Gingivitis is a disorder involving inflammation of the gingiva (gum tissue). Gingivitis is a form of periodontal disease. Periodontal disease or gum disease as it is more commonly know involves inflammation and/or infection of the gum that leads to the destruction of the tissues that support the teeth including the gingiva (gums) the periodontal ligaments and eventually the tooth sockets (alveolar bone).

The long-term negative effects of plaque deposits cause gingivitis. Plaque is the soft sticky substance that accumulates on teeth; composed largely of bacteria and food substances suspended in saliva. It is a major cause of tooth decay.

Plaque mineralizes into a hard deposit called calculus or tartar that becomes trapped at the base of the tooth. Calculus acts as a focal point for plaque accumulation bacteria and hinders complete removal of plaque. Both plaque and calculus play an important role in gingivitis. As gums ヤpull awayヤ from the teeth as a result of gum-disease pockets begin to form between the teeth and gums. Plaque and calculus fill these pockets until eventually the jawbone supporting the teeth are destroyed and cause the gums to become infected swollen and tender.

Plaque is not the only cause of gingivitis other common causes include injury or trauma to the gums from any cause including overly vigorous brushing or flossing of the teeth.

Besides the above causes of gingivitis there are other conditions that risk the onset of gingivitis and these are highlighted below:

Uncontrolled diabetes Pregnancy General (systemic) illness Poor dental hygiene Misaligned teeth Rough edges of fillings Ill-fitting or unclean mouth appliances e.g. dentures bridges and crowns Medications such as phenytoin and birth control pills Ingestion of heavy metals such as lead and bismuth

Many people experience gingivitis to a varying degree. It usually develops during puberty or early adulthood due to hormonal changes and may persist or recur frequently depending on the oral hygiene status of each person.

Good oral hygiene is the best prevention against gingivitis because it removes the plaque that is the main cause of the disorder. Brushing teeth at least twice daily and flossing gently at least once per day is recommended to prevent gingivitis.

People who are prone to recurring gingivitis may need special appliances or tools to remove plaque deposits. Appliances and tools may include special toothpicks toothbrushes water irrigation or other devices. Antiplaque or antitartar toothpastes or mouth rinses are also helpful in preventing gingivitis as is regular professional tooth cleaning at least every 6 months.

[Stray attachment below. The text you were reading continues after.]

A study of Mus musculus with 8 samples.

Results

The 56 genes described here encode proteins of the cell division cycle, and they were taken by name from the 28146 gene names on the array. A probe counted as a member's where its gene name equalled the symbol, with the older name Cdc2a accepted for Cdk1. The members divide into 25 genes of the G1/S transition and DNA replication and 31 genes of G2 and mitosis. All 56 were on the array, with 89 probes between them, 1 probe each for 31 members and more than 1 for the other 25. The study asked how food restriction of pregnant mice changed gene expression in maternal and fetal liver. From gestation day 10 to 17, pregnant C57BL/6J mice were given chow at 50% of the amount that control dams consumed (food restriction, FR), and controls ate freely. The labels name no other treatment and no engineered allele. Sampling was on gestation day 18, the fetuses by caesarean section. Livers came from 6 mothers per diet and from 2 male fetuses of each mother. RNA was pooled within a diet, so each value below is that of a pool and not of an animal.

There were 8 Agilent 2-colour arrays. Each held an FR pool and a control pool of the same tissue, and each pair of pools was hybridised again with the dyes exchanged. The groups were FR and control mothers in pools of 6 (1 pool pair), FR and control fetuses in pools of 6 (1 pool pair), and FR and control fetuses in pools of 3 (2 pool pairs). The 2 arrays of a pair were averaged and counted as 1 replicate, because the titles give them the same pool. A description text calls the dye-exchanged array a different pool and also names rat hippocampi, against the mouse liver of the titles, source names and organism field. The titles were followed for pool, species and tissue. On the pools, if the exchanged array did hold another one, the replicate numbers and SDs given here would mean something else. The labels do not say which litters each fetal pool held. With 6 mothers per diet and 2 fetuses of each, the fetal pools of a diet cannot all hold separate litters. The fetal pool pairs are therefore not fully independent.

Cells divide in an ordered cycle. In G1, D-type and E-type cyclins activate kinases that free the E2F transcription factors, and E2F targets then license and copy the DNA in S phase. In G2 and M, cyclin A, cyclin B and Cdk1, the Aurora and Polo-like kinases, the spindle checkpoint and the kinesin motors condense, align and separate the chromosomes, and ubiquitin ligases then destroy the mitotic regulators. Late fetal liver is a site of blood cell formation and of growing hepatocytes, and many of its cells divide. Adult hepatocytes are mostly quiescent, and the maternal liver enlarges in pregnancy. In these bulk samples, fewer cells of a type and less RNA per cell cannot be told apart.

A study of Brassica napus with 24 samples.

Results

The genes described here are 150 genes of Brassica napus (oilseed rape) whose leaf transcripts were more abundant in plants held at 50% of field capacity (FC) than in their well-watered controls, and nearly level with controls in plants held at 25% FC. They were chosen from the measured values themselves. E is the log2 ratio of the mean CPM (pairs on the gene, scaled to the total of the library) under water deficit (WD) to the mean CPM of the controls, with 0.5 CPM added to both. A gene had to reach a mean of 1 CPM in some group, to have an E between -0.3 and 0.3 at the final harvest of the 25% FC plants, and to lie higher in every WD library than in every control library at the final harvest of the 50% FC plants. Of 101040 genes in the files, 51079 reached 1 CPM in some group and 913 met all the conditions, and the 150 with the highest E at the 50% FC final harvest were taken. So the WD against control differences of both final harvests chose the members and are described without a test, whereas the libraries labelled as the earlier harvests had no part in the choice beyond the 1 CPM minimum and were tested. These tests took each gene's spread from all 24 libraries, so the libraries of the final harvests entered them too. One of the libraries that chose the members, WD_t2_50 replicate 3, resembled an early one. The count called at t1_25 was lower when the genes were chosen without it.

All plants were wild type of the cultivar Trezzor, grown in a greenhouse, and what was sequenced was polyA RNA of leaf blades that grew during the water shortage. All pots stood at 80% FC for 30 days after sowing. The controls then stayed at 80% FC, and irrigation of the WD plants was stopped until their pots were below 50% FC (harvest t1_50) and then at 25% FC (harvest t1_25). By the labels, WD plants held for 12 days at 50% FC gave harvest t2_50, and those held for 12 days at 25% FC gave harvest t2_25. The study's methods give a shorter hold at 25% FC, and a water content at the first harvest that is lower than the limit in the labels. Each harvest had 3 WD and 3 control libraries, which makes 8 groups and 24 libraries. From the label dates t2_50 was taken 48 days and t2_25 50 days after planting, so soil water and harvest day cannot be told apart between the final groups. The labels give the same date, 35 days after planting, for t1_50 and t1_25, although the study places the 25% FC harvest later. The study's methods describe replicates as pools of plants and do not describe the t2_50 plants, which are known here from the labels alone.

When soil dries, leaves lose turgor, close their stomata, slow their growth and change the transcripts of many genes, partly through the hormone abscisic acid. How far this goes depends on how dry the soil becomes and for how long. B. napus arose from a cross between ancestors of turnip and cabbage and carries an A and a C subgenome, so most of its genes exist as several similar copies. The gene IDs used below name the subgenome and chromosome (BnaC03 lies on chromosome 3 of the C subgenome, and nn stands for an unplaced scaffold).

There are multiple symptoms of gingivitis and theses are listed below:

Mouth sores Swollen gums Gums appear bright red or red-purple Gums appear shiny Gums bleed easily Gums are tender when touched but otherwise painless

Dentists usually diagnose gingivitis after patients come to them after seeing the signs of gingivitis whilst brushing. An examination of the mouth and teeth shows soft swollen red-purple gingiva as well as visible deposits of plaque and calculus at the base of the teeth.

No further testing is usually necessary to diagnose gingivitis although sometimes dental X-rays and dental gingival probing (measuring the amount of bone) may be performed to determine whether Periodontitis (the spread of inflammation to the supporting structures of the teeth) has developed.

Treatment gingivitis is relatively straightforward and the goal is usually the reduction of gingival inflammation.

The teeth are cleaned thoroughly by the dentist or dental hygienist using techniques that can include scaling and root planing which involve the use of various instruments or devices to loosen and remove plaque deposits from the teeth.

Thorough oral hygiene is necessary after professional tooth cleaning and dentists normally demonstrate brushing and flossing techniques. Professional tooth cleaning in addition to brushing and flossing may be recommended twice per year or more frequently for severe cases. Antibacterial mouth rinses or other aids may be recommended in addition to frequent careful tooth brushing and flossing.